Laurell K. Hamilton
Burnt Offerings (1998)
Anita Blake #7
Look who's come to town. It's the vampire council. Them's a mean bunch of dudes and dudettes. The topranking bloodsuckers and their proxies have come to look into the matter of how a million-year old member of their elite club came to be killed earlier (in Circus of the Damned) and to settle the question of succession. As you may have guessed, rising through the ranks of the undead means killing your way to the top, and you can imagine what this implies about those at the pinnacle of power. Small wonder even the resident master vampire of the city is scared.
So what's up with Anite Blake, our dearest necromancer, licensed vampire executioner, and police advisor for preternatural crime? Directly and indirectly the arrival of the council causes plenty of action in the monster community. A continous string of private and official emergencies keeps Anita busy. A firebug, an arsonist with pyrokinetic powers, is haunting the city. Anita is increasingly sucked into the shapeshifter subculture. Her involvement in the monsters' power struggles is starting to catch up with her in a big way. And she is more than ever entangled in her difficult three-way relationship with an alpha werewolf and a master vampire.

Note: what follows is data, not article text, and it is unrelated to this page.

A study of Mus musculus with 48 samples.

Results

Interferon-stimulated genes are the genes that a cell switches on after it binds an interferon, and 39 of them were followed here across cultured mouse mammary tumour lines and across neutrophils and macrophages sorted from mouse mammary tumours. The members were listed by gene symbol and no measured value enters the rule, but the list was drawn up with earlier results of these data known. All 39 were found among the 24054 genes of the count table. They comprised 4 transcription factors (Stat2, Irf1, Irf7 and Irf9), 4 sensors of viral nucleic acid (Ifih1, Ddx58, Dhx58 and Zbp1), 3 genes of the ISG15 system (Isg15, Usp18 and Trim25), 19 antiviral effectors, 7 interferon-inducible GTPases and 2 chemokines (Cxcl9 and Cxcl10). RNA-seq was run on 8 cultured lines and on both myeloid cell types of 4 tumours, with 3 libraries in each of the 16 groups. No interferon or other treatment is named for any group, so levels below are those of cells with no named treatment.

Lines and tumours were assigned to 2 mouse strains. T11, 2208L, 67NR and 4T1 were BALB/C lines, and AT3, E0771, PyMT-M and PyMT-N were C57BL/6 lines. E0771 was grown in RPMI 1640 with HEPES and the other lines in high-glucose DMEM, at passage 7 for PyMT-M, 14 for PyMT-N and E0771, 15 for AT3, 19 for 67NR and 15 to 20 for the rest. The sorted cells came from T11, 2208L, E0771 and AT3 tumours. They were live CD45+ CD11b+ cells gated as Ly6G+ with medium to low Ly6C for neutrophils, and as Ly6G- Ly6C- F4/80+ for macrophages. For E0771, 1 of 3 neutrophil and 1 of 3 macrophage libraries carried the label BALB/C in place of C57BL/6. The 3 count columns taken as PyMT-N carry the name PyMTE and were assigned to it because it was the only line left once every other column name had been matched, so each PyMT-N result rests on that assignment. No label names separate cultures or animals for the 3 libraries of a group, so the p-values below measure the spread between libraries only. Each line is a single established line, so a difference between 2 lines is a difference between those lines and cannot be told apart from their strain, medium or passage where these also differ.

There are only so many ways to kill somebody and Hamilton must come up with new ways to carry the plot. Dominance is a key factor in the communities of vampires and the various kinds of shapeshifters. We are treated to a lot of posturing and submission rituals, if not outright BDSM, which starts to remind me of nothing so much as John Norman's novels. Oops, there goes a vampire's head. Did I complain about missing action?
Another path to holding the reader's interest is character development, and there is no shortage of that in the series. The preternatural soap opera and with it its players keep evolving. Anita, her friends, and their relationships are perceptibly and credibly changing. We don't know where things are headed, except that Anita is becoming ever more powerful, and her distance from the monsters, her humanity, is growing slimmer and slimmer as her conscience appears to be dying under the onslaught of horrors.
In between Anita's flippant style and multi-centennial vampires voicing lines that could come straight out of a historical novel, Hamilton introduces more literary writing. I have started to notice just how good her prose is. Mind you, she isn't at the Bujold level, but it is growing impressive.